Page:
ArMA President on Arizona’s COVID-19 hotspot status: “We’ve been here before”

Lowering Arizona’s record-breaking COVID-19 infection levels will require a balance of strong leadership and personal responsibility, according to the President of the Arizona Medical Association Ross Goldberg, MD. Arizona has the highest COVID-19 infection rate in the U.S. and was recently called a “global hotspot” by health experts. Goldberg acknowledged that the state’s leadership plays a key role in preventing the spread of the virus, but said individual negligence of public health advisories is a driving factor.



“It’s very frustrating that we are asking people just to follow some simple guidelines, and many people just don’t want to anymore, and that is putting an incessant strain on our resources,” Goldberg said. “I’m not sure how we overcome that. It’s a very frustrating experience.”

Arizona has a total of 584,598 confirmed cases and 9,741 deaths. There were 17,234 new cases reported on Jan. 3rd along, and 290 new deaths reported on Jan 5th alone. While every county besides Greenlee County is currently experiencing significant outbreaks, La Paz and Yuma counties have a particularly high case rate.

Goldberg referenced Arizona’s COVID-19 infection levels last summer, noting this is not the first time the state has been a global hotspot.

“I remember back in July when we were the worst place on the planet — literally,” he said. “So I know what it’s like to literally work in the worst place on the planet, and it’s disappointing that we’re back there again. It’s really the case rate that’s driving it, which is frustrating because there are a lot of factors that went into this, and we haven’t even really seen the surge yet from Christmas and New Years.”

He points to the politicization of basic measures like mask wearing as a reason Arizonans have not responded adequately enough to contain the virus. Individual responsibility is a big factor in the state’s response, he said.

“It doesn’t make people happy to hear that you have to be responsible for yourself,” he said. “When you hear politicians talking about health care, you don’t really hear them talking about personal responsibility, right? Because it doesn’t help them get elected. My role as a physician isn’t to tell you what you want to hear, it’s what you need to hear.”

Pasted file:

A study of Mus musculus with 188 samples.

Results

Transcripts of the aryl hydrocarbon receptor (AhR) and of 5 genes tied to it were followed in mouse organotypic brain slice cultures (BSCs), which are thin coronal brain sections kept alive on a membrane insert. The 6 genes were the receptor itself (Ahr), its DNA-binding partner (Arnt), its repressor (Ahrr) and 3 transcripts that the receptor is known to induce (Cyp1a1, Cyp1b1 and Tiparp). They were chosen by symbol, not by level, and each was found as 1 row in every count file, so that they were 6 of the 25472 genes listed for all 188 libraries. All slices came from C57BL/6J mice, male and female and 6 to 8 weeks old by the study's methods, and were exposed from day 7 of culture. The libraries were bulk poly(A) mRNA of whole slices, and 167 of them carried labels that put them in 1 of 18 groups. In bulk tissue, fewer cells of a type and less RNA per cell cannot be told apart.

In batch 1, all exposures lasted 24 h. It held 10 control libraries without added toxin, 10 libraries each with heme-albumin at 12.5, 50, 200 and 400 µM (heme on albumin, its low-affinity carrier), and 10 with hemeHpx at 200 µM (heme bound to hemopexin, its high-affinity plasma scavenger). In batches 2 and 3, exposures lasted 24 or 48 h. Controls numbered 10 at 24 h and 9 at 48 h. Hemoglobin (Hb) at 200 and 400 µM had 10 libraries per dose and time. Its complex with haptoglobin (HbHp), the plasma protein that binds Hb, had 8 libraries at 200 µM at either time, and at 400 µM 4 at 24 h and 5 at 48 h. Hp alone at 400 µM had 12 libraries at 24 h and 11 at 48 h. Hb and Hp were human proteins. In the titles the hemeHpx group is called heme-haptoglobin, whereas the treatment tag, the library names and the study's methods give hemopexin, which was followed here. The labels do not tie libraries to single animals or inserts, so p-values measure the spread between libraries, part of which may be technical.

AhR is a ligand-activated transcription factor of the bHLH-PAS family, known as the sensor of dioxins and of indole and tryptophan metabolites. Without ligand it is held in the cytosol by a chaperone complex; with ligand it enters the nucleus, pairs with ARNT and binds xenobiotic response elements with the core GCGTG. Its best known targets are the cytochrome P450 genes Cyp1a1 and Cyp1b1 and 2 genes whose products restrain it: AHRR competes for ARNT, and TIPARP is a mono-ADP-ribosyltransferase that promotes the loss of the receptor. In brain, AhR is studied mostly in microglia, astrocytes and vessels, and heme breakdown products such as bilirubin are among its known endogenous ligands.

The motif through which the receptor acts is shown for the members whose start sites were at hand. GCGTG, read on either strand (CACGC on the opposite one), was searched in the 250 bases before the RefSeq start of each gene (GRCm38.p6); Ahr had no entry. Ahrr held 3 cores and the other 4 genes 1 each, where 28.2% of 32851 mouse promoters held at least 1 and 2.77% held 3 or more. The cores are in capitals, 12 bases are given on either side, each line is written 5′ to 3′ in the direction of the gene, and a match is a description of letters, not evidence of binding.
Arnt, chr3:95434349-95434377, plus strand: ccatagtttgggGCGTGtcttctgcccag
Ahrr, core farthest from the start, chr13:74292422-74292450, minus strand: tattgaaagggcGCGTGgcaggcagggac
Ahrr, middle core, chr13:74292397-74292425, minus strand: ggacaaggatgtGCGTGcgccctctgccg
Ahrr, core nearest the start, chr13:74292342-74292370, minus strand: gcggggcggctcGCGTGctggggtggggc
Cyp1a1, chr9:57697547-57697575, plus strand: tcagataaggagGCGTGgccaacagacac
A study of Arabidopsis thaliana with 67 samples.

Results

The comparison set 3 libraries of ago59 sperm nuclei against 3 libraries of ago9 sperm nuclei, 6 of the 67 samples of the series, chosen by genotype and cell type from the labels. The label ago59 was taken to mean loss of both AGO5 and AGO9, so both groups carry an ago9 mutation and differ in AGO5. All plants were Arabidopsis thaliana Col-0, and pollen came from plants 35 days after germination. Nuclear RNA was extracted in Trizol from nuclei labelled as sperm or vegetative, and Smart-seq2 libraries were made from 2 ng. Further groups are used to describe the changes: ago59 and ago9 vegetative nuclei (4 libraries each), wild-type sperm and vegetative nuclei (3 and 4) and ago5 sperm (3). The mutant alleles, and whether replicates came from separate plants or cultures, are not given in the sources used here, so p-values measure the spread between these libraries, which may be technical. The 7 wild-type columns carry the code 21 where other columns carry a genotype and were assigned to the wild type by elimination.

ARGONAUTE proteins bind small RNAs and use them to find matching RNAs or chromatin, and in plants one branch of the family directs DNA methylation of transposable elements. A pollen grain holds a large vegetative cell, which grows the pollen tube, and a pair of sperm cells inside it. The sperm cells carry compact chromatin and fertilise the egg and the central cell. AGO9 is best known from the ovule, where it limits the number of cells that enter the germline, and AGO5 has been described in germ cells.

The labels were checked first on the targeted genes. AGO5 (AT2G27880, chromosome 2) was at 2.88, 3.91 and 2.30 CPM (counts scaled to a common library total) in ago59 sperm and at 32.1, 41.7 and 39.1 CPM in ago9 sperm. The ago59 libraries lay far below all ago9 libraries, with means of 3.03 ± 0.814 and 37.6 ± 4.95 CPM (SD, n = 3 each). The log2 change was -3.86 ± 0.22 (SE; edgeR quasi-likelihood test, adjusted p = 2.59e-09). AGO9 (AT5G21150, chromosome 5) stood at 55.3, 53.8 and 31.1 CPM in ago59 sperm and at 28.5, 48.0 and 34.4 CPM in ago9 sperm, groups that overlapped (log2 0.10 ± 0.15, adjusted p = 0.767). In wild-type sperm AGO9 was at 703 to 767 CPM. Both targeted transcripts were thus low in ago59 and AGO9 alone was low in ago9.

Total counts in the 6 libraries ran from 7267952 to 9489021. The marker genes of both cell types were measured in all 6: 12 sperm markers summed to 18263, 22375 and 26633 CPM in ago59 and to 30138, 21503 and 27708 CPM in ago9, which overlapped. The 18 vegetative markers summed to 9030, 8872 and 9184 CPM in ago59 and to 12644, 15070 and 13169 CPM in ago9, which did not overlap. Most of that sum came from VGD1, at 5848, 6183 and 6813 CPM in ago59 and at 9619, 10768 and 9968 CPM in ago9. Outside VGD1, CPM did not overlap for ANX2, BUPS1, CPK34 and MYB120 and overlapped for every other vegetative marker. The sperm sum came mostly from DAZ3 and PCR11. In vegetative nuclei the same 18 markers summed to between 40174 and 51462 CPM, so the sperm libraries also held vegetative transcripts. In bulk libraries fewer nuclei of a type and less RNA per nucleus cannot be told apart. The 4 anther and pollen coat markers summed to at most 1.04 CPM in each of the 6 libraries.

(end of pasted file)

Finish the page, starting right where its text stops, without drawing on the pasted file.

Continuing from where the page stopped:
“If people don’t do that, we don’t get ahead of this thing and slow it down,” he said. “It’s the physical distancing, it’s the hand-washing, it’s doing everything, like we asked, to slow the spread of this virus.”

Goldberg also said it’s important to balance COVID-19-based executive decisions, such as closing down restaurants, with economic considerations.

“Leadership obviously has to be adaptable and flexible, depending on what the numbers are saying,” he said. “But I will also say, and people don’t like to hear this, but I will also recognize the fact that the economy is not an independent entity. The economy and public health are linked, and you can’t just shut everything down and expect everything to be okay if you cut away financial resources from people.”

A spokesperson from the Gov. Doug Ducey’s office acknowledged the seriousness of the outbreak but said other states with stricter public health measures have had similar problems. According to Goldberg, it is a complicated issue that there is no clear answer for. He said Arizona enforced stricter measures earlier in the pandemic but still ended up at current levels, and believes forcing safety measures onto Arizonans is not a sustainable solution.

“If you’re going to force people to do it, they’re not going to react so well to it, and they’ll probably go out of their way to defy it,” he said. “So how do you find that balance? I don’t claim to have all of the answers, it’s very tricky. There are some people who want to lock everything down, others want to make it a free-for-all, and I don’t think either one of those is a good answer.”

It’s crucial to have a data-driven approach to the COVID-19 response, said Goldberg. He added that while there is “an end in sight” with vaccines beginning to roll out, it is imperative that people make responsible individual decisions in the next few months.